In Bethel, a homegrown solution to the state’s nursing shortage
Amber Bukowski leans into Melanie McIntyre’s car to give her a flu shot. She’s wearing lavender gloves and has a small bandage ready.
Bukowski counts down and quickly empties the syringe in McIntyre’s arm while a Yukon Kuskokwim Health Center employee observes.
“It’s like a mosquito bite or like a little pinch, that’s all,” McIntyre said, leaning back to let her kids know how it went—they’re next.
This is one of many flu shots Bukowski will give today. She’s working the drive-through clinic on a frosty Saturday morning as part of the clinical hours towards her nursing degree from the Kuskokwim campus of the University of Alaska Fairbanks.
She and the three other students in her cohort are part of the long-term solution to the state’s dire need for nurses – specifically, Alaska-trained nurses who intend to work in the state. Alaska is increasingly reliant on out-of-state healthcare workers — an expensive, short term fix to a longstanding problem. The nursing program at the Kuskokwim campus isn’t huge, but it is putting four new nurses directly into the Bethel community this year.
Bukowski isn’t new to patient care, though. She got her start in Chevak, where she’s from originally.
“I started out as a health aide in the village clinics and transferred over to be a supervisor and took classes part time and then ended up in the nursing program,” she said.
Previous experience in health care isn’t required to start the degree program. The campus in Bethel offers pre-nursing courses, too.
Bukowski and the other three students in her cohort will take the test to become fully certified nurses after they pass their exams this December.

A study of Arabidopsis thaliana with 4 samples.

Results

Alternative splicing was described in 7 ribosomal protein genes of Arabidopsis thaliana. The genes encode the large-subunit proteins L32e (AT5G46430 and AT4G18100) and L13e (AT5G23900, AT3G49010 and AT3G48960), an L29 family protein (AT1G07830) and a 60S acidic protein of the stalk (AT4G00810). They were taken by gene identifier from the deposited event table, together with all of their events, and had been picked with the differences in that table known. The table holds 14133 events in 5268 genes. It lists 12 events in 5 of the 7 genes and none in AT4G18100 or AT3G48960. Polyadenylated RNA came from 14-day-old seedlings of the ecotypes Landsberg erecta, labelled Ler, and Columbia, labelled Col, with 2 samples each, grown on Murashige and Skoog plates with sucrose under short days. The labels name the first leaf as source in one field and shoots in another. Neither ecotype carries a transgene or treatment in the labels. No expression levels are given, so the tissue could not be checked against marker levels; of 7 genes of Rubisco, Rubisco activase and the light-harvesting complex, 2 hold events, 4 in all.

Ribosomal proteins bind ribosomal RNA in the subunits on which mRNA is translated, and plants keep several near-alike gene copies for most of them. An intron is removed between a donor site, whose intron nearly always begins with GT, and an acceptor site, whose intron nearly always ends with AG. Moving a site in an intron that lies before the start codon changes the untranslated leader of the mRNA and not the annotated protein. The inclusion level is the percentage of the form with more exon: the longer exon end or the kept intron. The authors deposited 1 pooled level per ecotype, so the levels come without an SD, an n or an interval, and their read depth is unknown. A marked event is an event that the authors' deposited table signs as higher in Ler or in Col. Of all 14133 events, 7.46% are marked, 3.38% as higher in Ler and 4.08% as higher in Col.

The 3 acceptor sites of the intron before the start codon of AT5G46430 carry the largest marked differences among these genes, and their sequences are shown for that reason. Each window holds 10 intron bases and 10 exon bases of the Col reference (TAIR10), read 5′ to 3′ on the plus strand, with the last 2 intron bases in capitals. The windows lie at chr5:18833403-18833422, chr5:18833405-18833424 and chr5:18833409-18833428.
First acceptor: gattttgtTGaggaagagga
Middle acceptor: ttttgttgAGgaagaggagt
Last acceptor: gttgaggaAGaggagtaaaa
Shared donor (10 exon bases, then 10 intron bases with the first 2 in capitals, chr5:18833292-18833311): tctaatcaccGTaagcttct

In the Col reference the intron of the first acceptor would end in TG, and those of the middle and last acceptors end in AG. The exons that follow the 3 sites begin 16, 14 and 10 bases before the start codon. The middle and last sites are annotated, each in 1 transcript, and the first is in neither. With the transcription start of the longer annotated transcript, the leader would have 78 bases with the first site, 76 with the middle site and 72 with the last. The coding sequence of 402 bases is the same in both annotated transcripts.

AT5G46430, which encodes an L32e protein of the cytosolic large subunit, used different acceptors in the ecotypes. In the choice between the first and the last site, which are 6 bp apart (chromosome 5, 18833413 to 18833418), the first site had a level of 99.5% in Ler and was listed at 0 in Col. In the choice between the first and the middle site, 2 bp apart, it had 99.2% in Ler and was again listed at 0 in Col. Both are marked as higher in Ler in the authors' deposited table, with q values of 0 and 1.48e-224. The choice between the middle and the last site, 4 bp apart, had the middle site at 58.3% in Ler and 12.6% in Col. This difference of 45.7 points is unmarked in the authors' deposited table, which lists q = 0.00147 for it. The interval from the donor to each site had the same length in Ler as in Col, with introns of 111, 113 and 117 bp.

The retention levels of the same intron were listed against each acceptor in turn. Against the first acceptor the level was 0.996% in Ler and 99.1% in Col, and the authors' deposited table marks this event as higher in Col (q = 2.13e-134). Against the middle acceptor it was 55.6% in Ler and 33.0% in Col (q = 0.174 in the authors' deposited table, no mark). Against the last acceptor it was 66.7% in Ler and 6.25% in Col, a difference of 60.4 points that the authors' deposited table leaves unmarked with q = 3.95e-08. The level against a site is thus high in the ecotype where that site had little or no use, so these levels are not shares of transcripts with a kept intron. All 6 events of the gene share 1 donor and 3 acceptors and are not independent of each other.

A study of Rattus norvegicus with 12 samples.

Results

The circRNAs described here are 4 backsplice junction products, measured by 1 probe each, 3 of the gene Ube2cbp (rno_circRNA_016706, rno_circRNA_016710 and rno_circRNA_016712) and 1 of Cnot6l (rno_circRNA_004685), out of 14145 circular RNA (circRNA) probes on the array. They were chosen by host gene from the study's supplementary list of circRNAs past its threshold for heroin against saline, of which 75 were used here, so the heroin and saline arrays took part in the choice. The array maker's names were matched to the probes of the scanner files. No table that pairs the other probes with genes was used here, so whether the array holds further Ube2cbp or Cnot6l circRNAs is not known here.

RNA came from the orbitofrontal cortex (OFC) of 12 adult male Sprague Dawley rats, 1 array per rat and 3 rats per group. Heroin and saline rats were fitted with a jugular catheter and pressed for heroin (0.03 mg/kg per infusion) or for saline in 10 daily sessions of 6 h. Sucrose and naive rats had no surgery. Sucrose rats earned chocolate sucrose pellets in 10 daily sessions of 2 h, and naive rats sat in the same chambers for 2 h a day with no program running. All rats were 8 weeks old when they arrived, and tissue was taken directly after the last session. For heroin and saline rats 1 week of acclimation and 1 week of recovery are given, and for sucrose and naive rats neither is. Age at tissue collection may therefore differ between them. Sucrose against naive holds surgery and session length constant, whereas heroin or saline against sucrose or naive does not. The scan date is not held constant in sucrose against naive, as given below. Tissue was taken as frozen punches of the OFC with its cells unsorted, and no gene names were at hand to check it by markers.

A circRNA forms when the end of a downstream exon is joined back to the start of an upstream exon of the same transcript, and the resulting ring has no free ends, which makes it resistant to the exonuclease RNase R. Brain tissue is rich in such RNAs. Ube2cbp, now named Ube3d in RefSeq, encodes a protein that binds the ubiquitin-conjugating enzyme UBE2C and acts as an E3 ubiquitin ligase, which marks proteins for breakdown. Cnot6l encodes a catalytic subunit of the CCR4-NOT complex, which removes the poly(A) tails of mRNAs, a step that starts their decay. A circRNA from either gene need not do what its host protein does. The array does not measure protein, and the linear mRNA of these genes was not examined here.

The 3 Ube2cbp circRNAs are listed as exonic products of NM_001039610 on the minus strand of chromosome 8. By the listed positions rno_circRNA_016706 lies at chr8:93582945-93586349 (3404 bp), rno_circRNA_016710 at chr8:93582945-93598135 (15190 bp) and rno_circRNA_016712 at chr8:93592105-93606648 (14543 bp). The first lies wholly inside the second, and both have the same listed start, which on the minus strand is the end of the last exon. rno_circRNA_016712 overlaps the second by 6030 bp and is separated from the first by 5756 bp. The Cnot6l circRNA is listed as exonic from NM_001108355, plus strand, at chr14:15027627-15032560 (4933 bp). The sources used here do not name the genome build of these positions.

“It’s a lot of info,” Bukowski said. “A lot of hard work and dedication. But anybody can do it.”
Her classmate Michael Vicente worked as a public health official for the hospital in Bethel until he started the nursing program two years ago.
“I just felt like I’d been called to nursing,” he said. “This is the next step into working closer with the community on a one-on-one basis instead of community wide.”
Twyla Elhardt teaches the nurses-to-be.
“We have a huge shortage of healthcare workers here,” she said.
Elhardt came to Bethel as a nurse in 2015, then became a nursing instructor a couple of years ago. She said that’s because she has a passion for seeing students from the region learn to take care of its residents.
“I get to see elders cared for by nursing students who are from the same village. And it’s a beautiful thing,” Elhardt said. “I’d love to see that increase.”
She said local nurses break down barriers to care because they understand where their patients are coming from.
“If they want to be here for the long haul, I think you just have an amazing investment, not just in direct patient care, but into the whole healthcare system,” she said.